Q&A   //   February 2, 2022

‘An organic ripple effect’: Inside Jacob and Co.’s world of ‘faceless’ watch influencers

After a stint as a digital marketer, Benjamin Arabov returned to his family’s luxury jewelry business, Jacob and Co., in 2017 to make his mark on its social media presence. In the five years since, Jacob and Co. has amassed 3.5 million followers across Instagram and TikTok. 

The company’s premium timepieces, with their gem-encrusted watch faces and intricate functions, have found a receptive audience on the video-friendly platforms, where glamor and shopping hauls often rule the algorithms.

Last year, at the age of 28, Arabov took over CEO duties from his father, who had grown the business from its roots as a booth in New York’s diamond district in the ‘80s into an international brand with five stores and boutiques and over 40 stockists worldwide. Jacob and Co. now generates sales of more than $150 million annually.

Jacob and Co. has no shortage of celebrity clients — Beyonce name dropped the jeweler in a song and Zendaya wore its spider-web earrings worth $31,800 to a red carpet event for “Spider-Man: No Way Home.”  But the younger Arabov has shifted the company’s social media strategy to lean more on “faceless” micro-influencers, best defined as hand models with online clout that show off eye-catching timepieces in short bursts of video. In an interview with Modern Retail, Arabov spoke about how he grew the online following of his family’s brand, as well as the overall watch influencer space. 

This interview has been condensed for clarity.

Jacob and Co. now has 2.4 million and 1 million followers on Instagram and TikTok. How did you facilitate that growth?
I took over our social media activity back in 2017. At the time we had about 200,000 Instagram followers, and the rest of the channels were virtually non-existent. Back then, we started utilizing an influencer strategy focused on watch influencers who have anywhere from 100,000 to 8 million followers. We call them faceless accounts. Unlike influencers who show their clothing, faces and lifestyle, we use this network of influencers that just focus on watches.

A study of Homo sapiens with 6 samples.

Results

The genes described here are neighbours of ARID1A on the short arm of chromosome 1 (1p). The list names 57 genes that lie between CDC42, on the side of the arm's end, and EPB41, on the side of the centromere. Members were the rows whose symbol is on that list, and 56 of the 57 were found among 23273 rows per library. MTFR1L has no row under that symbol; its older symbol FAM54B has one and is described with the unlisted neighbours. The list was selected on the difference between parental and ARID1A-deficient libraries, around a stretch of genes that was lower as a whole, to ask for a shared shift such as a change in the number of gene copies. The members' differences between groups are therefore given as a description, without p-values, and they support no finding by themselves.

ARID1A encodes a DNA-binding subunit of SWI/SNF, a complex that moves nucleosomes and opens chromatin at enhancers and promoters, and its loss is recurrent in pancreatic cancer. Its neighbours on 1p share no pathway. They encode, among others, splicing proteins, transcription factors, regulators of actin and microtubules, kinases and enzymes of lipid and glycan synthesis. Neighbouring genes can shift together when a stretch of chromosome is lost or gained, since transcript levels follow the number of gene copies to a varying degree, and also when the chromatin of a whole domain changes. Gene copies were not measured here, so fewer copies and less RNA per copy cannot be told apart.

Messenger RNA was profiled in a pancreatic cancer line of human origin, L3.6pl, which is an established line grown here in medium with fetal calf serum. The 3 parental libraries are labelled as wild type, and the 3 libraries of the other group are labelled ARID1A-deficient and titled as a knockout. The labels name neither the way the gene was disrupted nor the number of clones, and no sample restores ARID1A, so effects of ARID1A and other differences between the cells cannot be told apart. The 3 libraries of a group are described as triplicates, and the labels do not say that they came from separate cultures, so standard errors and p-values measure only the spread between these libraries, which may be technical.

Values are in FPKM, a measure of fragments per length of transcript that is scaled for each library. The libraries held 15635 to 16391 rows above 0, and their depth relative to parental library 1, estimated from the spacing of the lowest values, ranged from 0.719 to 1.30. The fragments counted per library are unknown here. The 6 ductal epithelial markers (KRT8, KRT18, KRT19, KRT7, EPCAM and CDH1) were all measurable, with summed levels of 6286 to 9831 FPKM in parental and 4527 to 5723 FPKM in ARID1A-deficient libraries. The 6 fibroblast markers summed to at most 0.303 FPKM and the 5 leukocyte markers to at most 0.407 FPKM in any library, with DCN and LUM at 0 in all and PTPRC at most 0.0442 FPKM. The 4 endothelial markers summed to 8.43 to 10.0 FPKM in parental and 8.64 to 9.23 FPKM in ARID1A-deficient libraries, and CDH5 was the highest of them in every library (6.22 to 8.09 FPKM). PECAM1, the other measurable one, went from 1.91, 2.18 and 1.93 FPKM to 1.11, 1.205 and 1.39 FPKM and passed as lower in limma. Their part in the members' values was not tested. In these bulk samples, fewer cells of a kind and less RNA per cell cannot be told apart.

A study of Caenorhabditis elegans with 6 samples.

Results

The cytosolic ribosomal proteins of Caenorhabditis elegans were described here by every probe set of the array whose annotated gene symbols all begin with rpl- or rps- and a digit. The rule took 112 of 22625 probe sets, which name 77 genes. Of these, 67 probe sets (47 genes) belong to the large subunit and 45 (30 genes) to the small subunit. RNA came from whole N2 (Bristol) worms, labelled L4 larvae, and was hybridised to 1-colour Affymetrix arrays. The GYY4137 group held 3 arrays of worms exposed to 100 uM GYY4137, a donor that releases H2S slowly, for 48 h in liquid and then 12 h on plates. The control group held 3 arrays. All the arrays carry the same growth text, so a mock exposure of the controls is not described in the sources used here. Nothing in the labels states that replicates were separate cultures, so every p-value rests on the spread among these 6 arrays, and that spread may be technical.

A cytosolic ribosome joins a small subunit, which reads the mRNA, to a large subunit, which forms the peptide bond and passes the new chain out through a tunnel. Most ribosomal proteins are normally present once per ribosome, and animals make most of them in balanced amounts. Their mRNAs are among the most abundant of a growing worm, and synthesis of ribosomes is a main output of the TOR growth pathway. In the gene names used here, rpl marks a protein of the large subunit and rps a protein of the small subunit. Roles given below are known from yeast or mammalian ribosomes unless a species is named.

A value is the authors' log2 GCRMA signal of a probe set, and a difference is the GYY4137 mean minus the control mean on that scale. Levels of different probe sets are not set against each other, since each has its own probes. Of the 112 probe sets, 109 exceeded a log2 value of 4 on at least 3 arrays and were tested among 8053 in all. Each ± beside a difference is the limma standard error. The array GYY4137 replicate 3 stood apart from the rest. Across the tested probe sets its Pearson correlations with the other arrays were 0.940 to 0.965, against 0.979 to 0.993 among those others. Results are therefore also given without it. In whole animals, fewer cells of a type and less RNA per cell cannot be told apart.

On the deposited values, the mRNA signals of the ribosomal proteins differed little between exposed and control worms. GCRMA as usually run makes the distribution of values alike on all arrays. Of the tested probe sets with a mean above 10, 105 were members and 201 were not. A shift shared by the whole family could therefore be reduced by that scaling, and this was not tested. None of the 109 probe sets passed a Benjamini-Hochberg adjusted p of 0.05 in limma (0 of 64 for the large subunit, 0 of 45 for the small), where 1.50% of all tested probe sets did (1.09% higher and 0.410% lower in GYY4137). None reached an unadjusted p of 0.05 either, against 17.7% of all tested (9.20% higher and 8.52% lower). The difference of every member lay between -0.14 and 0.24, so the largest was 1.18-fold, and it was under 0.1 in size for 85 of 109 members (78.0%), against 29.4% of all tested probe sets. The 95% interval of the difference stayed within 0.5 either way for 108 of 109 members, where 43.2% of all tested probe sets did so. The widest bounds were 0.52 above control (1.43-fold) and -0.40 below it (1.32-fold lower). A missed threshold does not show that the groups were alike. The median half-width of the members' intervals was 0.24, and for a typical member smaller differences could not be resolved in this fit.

Part of that approach was working with 50 of these different accounts to help us grow our own Instagram profile to 2.4 million followers. Over the past year, we have also incorporated them into our TikTok playbook, too.

How does your influencer strategy work?
We’re actively working with watch influencers. We pay them on a monthly basis for each post, which can be between a hundred dollars to a thousand dollars based on their reach. Some share our content weekly, every other day or whatever the agreement is.  

The beauty of that strategy is that there is a ripple effect when it comes to organic marketing. If we’re working with 50 accounts to share content, there’s probably an additional 50 to a hundred other accounts that then share that content for free because they like it or because they know it is going to help their page grow. 

What kind of content do the influencers share on your behalf?
There are a few strategies that have served us well. One of them is called the “wrist roll” video, which is a two-second clip that starts from the buckle of the watch and then shows you the watch face.

The second concept we use is called “unboxing,” where somebody is opening a box to show the watch inside. Both have this psychological factor in terms of creating anticipation among users who are waiting to see the product itself.

Our watches work well within those formats because they have this wow factor. Most have multiple different complications paired into one watch. For example, our Bugatti Chiron model, made in partnership with [luxury car maker] Bugatti, is the first ever watch to have a working replica of a vehicle’s engine inside it. 

We’re also seeing a tremendous uplift in performance with [Instagram] Reels. Compared to a regular video post that gets about 50,000 views, the same exact clip on Reels can get 300,000 views. That’s because Instagram is trying to promote that feature and get it on to its Explore page.

Do you have a social commerce strategy?
We currently use a tool called LikeShop to connect our Instagram posts to their respective product pages on our website. Though we don’t currently have an e-commerce offering, we’re planning to launch a Shopify store in the first quarter. We can then start offering our products directly on an Instagram Shop.